Nigeria has experienced no cases of polio over the past 18 months thanks to a coordinated effort that included vaccinations, a public-information campaign and an improved health care sector, writes Scott Desmarais of McKinsey. "An important remaining question is where and how countries and international organizations can best deploy [emergency operations centers] to overcome other emergency health crises," he writes.
Somalia and Nigeria have gone one year without a polio case, meaning Africa is expected to be declared polio-free. The World Health Organization is turning its attention to Pakistan, which has reported 28 polio cases this year, and Afghanistan, which has found six cases. "Pakistan and Afghanistan need to finish the job as quickly as possible," says Oliver Rosenbauer of WHO's Global Polio Eradication Initiative. "They are the source of the fire and you don't want it spreading again as it has done in the past."
Nigeria's 36 governors and the minister of the Federal Capital Territory Abuja have each agreed to pursue eradication of polio in their areas, responding to a challenge by the Bill & Melinda Gates Foundation. To receive the promised $500,000 grants, the states must meet strict criteria confirmed by World Health Organization monitoring.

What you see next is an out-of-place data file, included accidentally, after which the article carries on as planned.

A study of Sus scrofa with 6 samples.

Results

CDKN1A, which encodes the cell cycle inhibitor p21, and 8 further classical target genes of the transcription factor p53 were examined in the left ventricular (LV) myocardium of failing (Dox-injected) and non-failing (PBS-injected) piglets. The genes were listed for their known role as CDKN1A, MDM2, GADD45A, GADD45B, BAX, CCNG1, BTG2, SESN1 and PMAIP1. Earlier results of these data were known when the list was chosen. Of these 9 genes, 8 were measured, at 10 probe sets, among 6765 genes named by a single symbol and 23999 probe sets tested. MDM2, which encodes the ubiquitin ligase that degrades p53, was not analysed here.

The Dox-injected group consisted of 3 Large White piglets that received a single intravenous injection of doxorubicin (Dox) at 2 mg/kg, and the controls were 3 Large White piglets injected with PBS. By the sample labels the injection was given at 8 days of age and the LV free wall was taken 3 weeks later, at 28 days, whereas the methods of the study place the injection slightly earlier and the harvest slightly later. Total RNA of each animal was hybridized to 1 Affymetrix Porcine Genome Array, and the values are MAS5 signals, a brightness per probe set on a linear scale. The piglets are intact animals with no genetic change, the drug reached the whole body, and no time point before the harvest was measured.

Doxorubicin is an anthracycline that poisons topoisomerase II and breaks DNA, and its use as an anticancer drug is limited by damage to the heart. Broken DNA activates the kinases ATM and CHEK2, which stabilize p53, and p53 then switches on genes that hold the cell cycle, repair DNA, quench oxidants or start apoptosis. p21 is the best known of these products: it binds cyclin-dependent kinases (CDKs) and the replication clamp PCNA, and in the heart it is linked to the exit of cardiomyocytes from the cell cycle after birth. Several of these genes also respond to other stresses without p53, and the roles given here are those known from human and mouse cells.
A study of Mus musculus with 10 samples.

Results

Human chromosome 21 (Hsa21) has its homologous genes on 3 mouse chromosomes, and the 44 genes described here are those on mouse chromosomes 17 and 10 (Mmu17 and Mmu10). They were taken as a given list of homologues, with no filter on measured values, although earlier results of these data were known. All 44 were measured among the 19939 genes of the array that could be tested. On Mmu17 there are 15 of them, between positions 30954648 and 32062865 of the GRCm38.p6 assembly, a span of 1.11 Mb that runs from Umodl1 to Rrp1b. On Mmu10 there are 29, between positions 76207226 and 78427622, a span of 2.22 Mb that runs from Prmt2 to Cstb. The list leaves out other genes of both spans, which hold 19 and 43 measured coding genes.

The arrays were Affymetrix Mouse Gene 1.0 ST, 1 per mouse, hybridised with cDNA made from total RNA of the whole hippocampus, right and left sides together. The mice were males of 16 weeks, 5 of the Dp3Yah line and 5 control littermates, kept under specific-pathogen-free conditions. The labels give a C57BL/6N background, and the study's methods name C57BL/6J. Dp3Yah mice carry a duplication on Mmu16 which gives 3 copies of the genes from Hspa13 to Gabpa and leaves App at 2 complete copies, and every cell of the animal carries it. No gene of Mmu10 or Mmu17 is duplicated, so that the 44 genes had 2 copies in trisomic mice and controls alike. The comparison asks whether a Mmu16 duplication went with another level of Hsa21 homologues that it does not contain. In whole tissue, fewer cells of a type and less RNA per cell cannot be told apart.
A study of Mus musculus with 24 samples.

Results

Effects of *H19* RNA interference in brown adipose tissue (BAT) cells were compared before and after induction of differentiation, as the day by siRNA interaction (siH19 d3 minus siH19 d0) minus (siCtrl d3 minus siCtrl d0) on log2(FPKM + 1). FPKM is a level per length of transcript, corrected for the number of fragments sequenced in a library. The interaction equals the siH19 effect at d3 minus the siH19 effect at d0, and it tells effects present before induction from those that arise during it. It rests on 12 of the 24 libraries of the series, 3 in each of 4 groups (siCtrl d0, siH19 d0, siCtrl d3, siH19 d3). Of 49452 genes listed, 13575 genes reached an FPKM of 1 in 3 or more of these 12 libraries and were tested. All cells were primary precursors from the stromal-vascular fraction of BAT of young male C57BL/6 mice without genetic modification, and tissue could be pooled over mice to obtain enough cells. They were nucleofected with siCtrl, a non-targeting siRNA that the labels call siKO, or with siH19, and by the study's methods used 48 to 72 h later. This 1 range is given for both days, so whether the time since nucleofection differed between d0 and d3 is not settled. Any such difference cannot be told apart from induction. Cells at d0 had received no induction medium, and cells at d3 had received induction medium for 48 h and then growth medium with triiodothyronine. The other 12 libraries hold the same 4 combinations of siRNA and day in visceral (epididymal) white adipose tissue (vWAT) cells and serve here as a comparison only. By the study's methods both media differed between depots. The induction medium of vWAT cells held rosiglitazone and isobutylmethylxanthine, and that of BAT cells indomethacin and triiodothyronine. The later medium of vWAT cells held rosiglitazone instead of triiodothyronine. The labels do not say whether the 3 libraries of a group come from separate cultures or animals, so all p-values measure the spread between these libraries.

United Nations agencies and local partners are conducting a massive polio-vaccination campaign targeting 85 million children under 5 in 19 West and Central African countries. A 2008 outbreak that began in Nigeria has spread to neighboring countries, and the disease has re-emerged in areas previously declared polio-free.
Efforts to eradicate polio in West Africa are driving forward with improved logistic and public communication of vaccination drives reaching tens of millions of children in seven countries. Three more African countries will join the drive in May in an effort prevent any spread into countries previously declared polio-free.